Corp + Anam is a dark Irish crime drama with strong themes enforced by the squirm-worthy images that director Lorcan Finnegan used for his opening titles. Shot in a day-and-a-half using DSLRs, Finnegan says he saw some incredible places in Dublin. And he got to set a car on fire. Not bad for a title sequence made on a budget. Rani Nugraha reports.
Using snippets of footage combined with choppy and sudden edits, distress and turbulence are obviously strong themes in the Irish mini-series, Corp + Anam, that ran from 2011 to 2012. Pronounced corp agus anem, which means “Body and Soul”, the 4-part mystery and drama follows a television crime journalist as he delves deeper into his work, only to have his life and that of those around him become entangled in the grim and murky Dublin underworld. “Most of the images are just metaphors for other things, like the gritty underbelly of Irish society at the time,” comments Finnegan.
Commissioned by Irish broadcaster TG4, the series was written and filmed entirely in Gaelic, the native tongue of the Emerald Isle before the English language was introduced.
“The series director wanted something that reflected the world of stories rather than anything specifically to do with the series. He told me about his background getting into the series, it was all based on real events that happened in Ireland, real corruption and these horrible stories that were breaking in the news and how he took them and adapted them and evolved them.”
WORKING WITH GAELIC
“We all have to study Gaelic in school, but the thing is, it was taught really badly, so even though we do it for about 12 years, very few people speak it. There are some coastal regions called Gaeltacht areas where it it still alive, but it’s a tricky language.”
Asked to use a Gaelic hip-hop track by local Irish musician MC Mupéad, Finnegan used the rhymes as a springboard for his wish list of shots. “I had to get a translation of the rap song so I could understand that,” Finnegan continues. “It was a similar process to making a music video. Then I just wrote a shot list of images that could reflect that story world.”
After finalizing a realistic shot list, it took a mixture of planning and improvisation to come up with the footage that made it for the final cut. “I went out with a cinematographer, he had a 1D, I had a 7D and the two of us just ran around Dublin for a day-and-a-half.”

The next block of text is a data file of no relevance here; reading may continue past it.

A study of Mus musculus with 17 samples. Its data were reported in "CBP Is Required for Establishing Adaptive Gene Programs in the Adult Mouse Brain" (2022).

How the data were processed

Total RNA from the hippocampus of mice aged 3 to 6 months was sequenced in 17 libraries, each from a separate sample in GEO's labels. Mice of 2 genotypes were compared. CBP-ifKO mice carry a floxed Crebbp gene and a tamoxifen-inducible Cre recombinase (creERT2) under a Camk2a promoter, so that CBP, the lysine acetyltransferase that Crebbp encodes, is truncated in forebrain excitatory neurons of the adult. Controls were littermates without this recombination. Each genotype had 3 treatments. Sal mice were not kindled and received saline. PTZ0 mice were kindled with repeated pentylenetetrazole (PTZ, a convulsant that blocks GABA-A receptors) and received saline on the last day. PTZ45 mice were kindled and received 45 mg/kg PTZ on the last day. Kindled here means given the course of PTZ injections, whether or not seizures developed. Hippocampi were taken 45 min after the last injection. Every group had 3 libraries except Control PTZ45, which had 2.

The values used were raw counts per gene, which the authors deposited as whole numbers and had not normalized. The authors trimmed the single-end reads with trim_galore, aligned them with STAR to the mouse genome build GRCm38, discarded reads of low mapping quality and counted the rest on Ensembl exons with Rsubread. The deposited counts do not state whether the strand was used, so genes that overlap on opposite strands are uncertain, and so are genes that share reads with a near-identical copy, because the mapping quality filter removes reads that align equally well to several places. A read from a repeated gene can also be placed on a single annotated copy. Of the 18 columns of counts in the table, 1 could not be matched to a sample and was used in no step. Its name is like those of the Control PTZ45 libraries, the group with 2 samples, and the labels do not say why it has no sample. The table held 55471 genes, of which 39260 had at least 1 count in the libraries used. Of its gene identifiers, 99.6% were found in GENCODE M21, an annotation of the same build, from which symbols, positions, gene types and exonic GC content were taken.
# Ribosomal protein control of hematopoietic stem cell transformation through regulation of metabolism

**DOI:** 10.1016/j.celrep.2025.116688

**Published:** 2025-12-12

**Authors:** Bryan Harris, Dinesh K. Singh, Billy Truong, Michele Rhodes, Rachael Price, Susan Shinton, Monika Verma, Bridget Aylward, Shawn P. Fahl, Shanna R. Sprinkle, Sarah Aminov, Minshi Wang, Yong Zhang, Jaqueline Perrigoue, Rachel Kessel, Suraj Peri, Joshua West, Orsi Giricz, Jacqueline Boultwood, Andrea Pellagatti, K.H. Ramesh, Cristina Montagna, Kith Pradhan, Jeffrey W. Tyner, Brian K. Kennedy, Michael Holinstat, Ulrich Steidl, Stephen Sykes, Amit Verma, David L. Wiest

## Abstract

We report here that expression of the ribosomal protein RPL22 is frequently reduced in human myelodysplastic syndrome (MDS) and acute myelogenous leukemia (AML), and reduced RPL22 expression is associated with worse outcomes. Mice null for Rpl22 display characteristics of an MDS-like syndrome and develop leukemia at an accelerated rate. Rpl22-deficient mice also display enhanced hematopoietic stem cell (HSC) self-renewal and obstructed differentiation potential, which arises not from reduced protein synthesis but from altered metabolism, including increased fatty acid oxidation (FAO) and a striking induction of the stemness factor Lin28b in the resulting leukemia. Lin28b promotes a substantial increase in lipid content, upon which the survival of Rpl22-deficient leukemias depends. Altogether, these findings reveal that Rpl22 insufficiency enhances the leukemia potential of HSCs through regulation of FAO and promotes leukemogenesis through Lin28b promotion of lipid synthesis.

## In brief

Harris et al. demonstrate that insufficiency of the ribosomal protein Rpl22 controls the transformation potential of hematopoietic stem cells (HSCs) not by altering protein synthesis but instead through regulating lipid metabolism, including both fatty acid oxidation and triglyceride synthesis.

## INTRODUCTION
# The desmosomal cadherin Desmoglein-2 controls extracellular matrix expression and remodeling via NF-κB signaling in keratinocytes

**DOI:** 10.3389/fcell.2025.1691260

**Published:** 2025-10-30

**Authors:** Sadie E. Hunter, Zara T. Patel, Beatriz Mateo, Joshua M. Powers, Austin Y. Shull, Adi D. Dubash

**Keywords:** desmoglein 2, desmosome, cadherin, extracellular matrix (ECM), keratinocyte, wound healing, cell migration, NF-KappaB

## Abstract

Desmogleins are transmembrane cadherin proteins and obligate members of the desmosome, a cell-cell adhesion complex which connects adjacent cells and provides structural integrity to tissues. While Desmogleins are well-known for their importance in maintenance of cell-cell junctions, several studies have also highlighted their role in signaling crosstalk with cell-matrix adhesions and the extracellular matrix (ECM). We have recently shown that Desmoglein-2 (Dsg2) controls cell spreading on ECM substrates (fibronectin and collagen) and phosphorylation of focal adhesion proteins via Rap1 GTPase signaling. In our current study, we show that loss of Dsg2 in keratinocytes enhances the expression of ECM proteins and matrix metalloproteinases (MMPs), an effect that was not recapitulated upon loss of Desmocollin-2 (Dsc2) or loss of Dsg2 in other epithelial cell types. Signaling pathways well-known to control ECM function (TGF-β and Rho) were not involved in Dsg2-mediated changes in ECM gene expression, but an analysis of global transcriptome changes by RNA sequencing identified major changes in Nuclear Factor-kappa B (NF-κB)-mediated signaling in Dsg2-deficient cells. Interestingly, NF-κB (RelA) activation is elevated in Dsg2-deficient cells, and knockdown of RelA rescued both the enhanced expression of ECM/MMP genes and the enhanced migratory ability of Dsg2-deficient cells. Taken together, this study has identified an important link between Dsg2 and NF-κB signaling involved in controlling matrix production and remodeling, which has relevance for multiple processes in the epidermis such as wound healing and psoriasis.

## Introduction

When asked about a couple of key shots in the titles, Finnegan has a few interesting tales.
“The shot of the woman in the wheelchair, she’s an extra we got in. We found the wheelchair in this insane, massive abandoned hospital. We put her in a room, then we got a wheelchair that we had found and used that as a dolly.”
And as for setting a car aflame, Finnegan assures that everything was above board.
“We rang the fire dept. and asked them if they had anywhere where they did training for their cadets. They said that they had a place nearby… I asked ‘Can we burn a car?’ and they were fine with it. So we picked up a car, and we got another extra, a kid, and shot him throwing rocks at this car. Then we set the car on fire.”
“It was a little adventure. We got to see some incredible places in Dublin that we normally wouldn’t see,” adding, “if people are interested in seeing more of these gritty locations around dublin, I go running around around the city nearly every day, take pictures and put them up on Instagram.
Additionally, another metaphor was neatly woven into the sequence, using tilt-shift techniques.
“We shot a lot of tilt-shift stuff to reflect the idea that we were lifting a stone up on society and seeing all the people running around like ants.”
“I was with the DOP driving to the next location when I saw a hobo walking along the quays with the government buildings in the background. I loved the juxtaposition so I shot him from the car window,” Finnegan recounts.
“I put it into the edit and everyone really liked it but we didn’t have a release form. The producer had to walk around the city trying to find the hobo, and when she did, he didn’t speak any English,” Finnegan additionally stresses, “and he wouldn’t sign the form.”
“She spoke some Italian and he spoke Spanish, so eventually he understood what it was all about and he accepted the payment and signed.”
“I tried loads of different typefaces and I experimented with type,” Finnegan says.
“I screen printed onto glass, I smashed the glass, shot it slow motion and composed it back I. And I did different things with the text being scribbled out and torn apart.”
“In the end we just wanted to go with something simple, handwritten, a bit like a notebook, because the lead character is a reporter, and he’s running around with a notebook… we wanted to keep it within the image, as opposed to making it feel like it was on top of it, or revealed underneath.”
Article: Rani Nugraha, © Submarine Channel June 28, 2012.
Year of production
About Lorcan Finnegan
Lorcan Finnegan is a Dublin-based director specializing in movies, music videos and commercials. Finnegan works in a wide range of styles and genres, including (stop motion) animation and live action. After earning his Bachelor of Design Communication in 2001 from the Dun Laoghaire College of Art Design and Technology, he moved to London and was there for two years. Finnegan moved back to Dublin in 2004 to establish his own production company, Lovely Productions, with his creative collaborators Steven Courtney and Brunella Cocchiglia.